Featured Story Corner
Integrated Performance Monitoring (IPM) at SDSC
—Nick Wright, SDSC & David Skinner, NERSC
As high-performance computing resources become larger and more complicated, using them to their full potential for scientific research also becomes increasingly challenging. One way of helping to overcome these challenges is to provide analysis tools that give users easy-to-digest information about how their code is behaving, which enables them to make improvements to realize their code's full potential performance.
Many approaches are available to a user who wishes to understand how their code is performing, ranging from simple benchmarking all the way to line-by-line source code tracing. IPM is a tool that fills the needs of users wishing to take the simple benchmarking approach. Its approach is a minimalist one; it requires no recompilation and is designed to operate with low overhead. Additionally it is portable across different architectures. This makes it very useful to users who are trying to obtain a basic understanding of how their code is behaving but do not have time or inclination to learn how to use a sophisticated analysis tool because their focus has to be, understandably, on generating results of scientific merit.
IPM provides a summary of the computation and communication in a parallel program in the areas outlined below. Click on the graphs and tables to see enlarged images of IPM Web page output.
Using this information a user can determine whether their code is running with adequate speed, as well as communication patterns and how well the load is balanced. Providing a performance profile in an easy-to-use and scalable manner is the core goal of IPM. Again, all of this is obtained from a single tool with no recompilation required.
Computing centers such as NERSC at LBL have made heavy use of IPM in gathering performance profiles for workload analysis and performance improvement. The 2004 and 2005 DOE INCITE projects relied on IPM to quickly test for and improve the scalable performance of these massively parallel codes. The performance gains from a chemistry code are summarized below.
How does this kind of performance test and improvement happen? Diagnosing a performance bottle-neck is not always easy, and particularly so at high concurrency. There is no tool that will reliably improve parallel performance automatically. IPM aims to provide a performance profile as a starting point for application or runtime environment changes to improve performance. Exposing bottlenecks is often the first concrete outcome of such profiling. One performance view that IPM provides is a wide range of metrics indexed by the tasks in the parallel code. This perspective often makes the diagnosis of load imbalance and other performance "gotchas" transparent. This figure is a clear cut case of load imbalance:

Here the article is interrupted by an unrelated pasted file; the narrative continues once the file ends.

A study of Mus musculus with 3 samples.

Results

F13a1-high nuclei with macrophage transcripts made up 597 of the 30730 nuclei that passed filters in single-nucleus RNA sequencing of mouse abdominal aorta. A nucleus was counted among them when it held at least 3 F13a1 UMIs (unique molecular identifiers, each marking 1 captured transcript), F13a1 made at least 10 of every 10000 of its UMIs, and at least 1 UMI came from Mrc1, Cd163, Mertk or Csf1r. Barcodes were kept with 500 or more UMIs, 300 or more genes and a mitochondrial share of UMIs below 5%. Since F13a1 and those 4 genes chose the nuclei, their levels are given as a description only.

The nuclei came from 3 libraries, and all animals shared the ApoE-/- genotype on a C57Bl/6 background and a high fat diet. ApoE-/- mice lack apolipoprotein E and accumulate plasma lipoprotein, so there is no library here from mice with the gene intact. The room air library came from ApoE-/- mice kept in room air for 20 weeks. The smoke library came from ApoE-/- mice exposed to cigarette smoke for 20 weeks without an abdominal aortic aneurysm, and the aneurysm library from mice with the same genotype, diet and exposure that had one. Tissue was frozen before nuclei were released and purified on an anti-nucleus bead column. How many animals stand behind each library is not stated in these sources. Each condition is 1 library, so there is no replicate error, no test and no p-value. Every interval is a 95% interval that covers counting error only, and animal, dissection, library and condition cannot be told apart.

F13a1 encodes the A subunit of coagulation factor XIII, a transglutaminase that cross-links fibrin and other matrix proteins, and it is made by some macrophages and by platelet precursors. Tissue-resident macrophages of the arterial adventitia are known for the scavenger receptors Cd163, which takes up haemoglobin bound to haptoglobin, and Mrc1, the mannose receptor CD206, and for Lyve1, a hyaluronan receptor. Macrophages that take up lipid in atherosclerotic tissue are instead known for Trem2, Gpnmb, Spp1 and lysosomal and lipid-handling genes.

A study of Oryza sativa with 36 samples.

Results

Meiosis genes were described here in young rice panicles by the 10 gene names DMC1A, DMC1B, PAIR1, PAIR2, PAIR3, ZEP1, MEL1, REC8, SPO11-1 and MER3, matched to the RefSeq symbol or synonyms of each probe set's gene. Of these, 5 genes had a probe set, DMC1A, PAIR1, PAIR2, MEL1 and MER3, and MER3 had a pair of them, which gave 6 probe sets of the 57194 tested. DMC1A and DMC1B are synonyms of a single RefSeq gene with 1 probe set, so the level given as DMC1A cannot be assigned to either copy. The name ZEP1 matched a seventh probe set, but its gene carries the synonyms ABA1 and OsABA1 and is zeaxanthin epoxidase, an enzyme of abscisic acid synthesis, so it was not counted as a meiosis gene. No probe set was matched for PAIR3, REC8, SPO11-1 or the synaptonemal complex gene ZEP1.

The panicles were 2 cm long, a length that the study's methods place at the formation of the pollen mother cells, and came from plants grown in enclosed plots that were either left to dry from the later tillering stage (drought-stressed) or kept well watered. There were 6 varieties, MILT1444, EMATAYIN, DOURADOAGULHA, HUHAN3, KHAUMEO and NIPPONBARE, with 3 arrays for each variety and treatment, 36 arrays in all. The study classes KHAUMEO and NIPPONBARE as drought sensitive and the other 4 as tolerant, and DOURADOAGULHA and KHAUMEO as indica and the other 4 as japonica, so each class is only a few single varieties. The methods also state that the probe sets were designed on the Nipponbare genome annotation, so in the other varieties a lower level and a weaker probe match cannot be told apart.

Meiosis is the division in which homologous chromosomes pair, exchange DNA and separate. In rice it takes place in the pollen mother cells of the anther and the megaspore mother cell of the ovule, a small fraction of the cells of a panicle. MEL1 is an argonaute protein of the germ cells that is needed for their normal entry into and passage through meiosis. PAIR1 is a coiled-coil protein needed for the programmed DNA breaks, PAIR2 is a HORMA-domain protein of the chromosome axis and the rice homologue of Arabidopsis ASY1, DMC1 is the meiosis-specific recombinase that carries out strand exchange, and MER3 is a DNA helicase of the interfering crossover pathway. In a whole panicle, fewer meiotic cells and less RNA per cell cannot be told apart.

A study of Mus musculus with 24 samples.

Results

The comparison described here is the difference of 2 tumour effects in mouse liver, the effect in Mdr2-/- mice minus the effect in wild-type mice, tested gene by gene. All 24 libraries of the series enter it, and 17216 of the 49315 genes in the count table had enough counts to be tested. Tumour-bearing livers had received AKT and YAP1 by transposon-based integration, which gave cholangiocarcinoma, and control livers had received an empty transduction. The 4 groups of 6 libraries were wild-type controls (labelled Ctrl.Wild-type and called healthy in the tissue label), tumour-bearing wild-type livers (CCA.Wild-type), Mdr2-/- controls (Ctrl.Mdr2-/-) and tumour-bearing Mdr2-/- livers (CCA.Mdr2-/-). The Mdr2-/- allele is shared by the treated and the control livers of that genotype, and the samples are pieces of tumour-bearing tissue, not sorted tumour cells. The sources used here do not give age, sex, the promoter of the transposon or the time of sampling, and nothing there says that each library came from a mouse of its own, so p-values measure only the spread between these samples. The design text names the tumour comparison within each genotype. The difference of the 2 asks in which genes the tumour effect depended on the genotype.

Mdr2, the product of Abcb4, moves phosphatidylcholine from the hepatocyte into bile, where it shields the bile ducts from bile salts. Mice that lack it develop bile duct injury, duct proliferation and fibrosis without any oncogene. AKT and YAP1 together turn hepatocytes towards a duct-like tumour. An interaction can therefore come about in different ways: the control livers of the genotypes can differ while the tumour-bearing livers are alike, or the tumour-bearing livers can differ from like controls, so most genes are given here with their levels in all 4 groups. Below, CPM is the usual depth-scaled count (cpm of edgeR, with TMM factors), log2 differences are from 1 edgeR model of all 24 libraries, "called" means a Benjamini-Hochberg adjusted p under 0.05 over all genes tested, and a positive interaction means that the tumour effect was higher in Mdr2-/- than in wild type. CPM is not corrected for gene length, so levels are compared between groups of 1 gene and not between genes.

In the above example IPM serves largely to quantitatively diagnose a performance bottleneck due to load imbalance. Of the 1024 tasks, 64 arrive late to a synchronizing MPI_Alltoall collective. Over the full execution of the code, the remaining 960 tasks wait 6.25 seconds on those slow 64 tasks. By adjusting the domain decomposition to level the work, the performance discontinuity disappears and 6000 seconds of wall time are recovered as a result.
Another common set of optimizations of parallel codes have to do with message sizes. IPM provides several views of which message sizes occupy the largest fraction of wall clock time. By judicious changes to the configuration of the application and runtime settings the message size distribution can often be shifted away from small latency bound messages into a bandwidth driven regime. The example below shows a 64-way PARATEC NSF benchmark (run on seaborg.nersc.gov) before and after such optimization. Each graph shows a cumulative inventory of wall time expended within each MPI call across buffer sizes. In the Before scenario, "MPI_Wait-ing" for small latency-bound messages dominates the communication time. After performance tuning, the red curve has diminished as has the total communication time. Here an overall performance improvement of just over a factor of two in wall clock time was obtained.
In this case, the performance improvement, which moves the message size distribution to the right, is not itself provided by IPM. The profile, which includes a thorough accounting of communication and computation, often points to the next steps to undertake in achieving scalable performance.
This article illustrates how IPM produces information that is easily interpretable by a majority of HPC users without a considerable amount of effort. There are many other facets to application and workload profiling via IPM that have not been examined here, but the author id actively pursuing HPC research topics that include communication topology and detailed profiling of application flow. More information about using IPM at SDSC is available on the User Services Web site.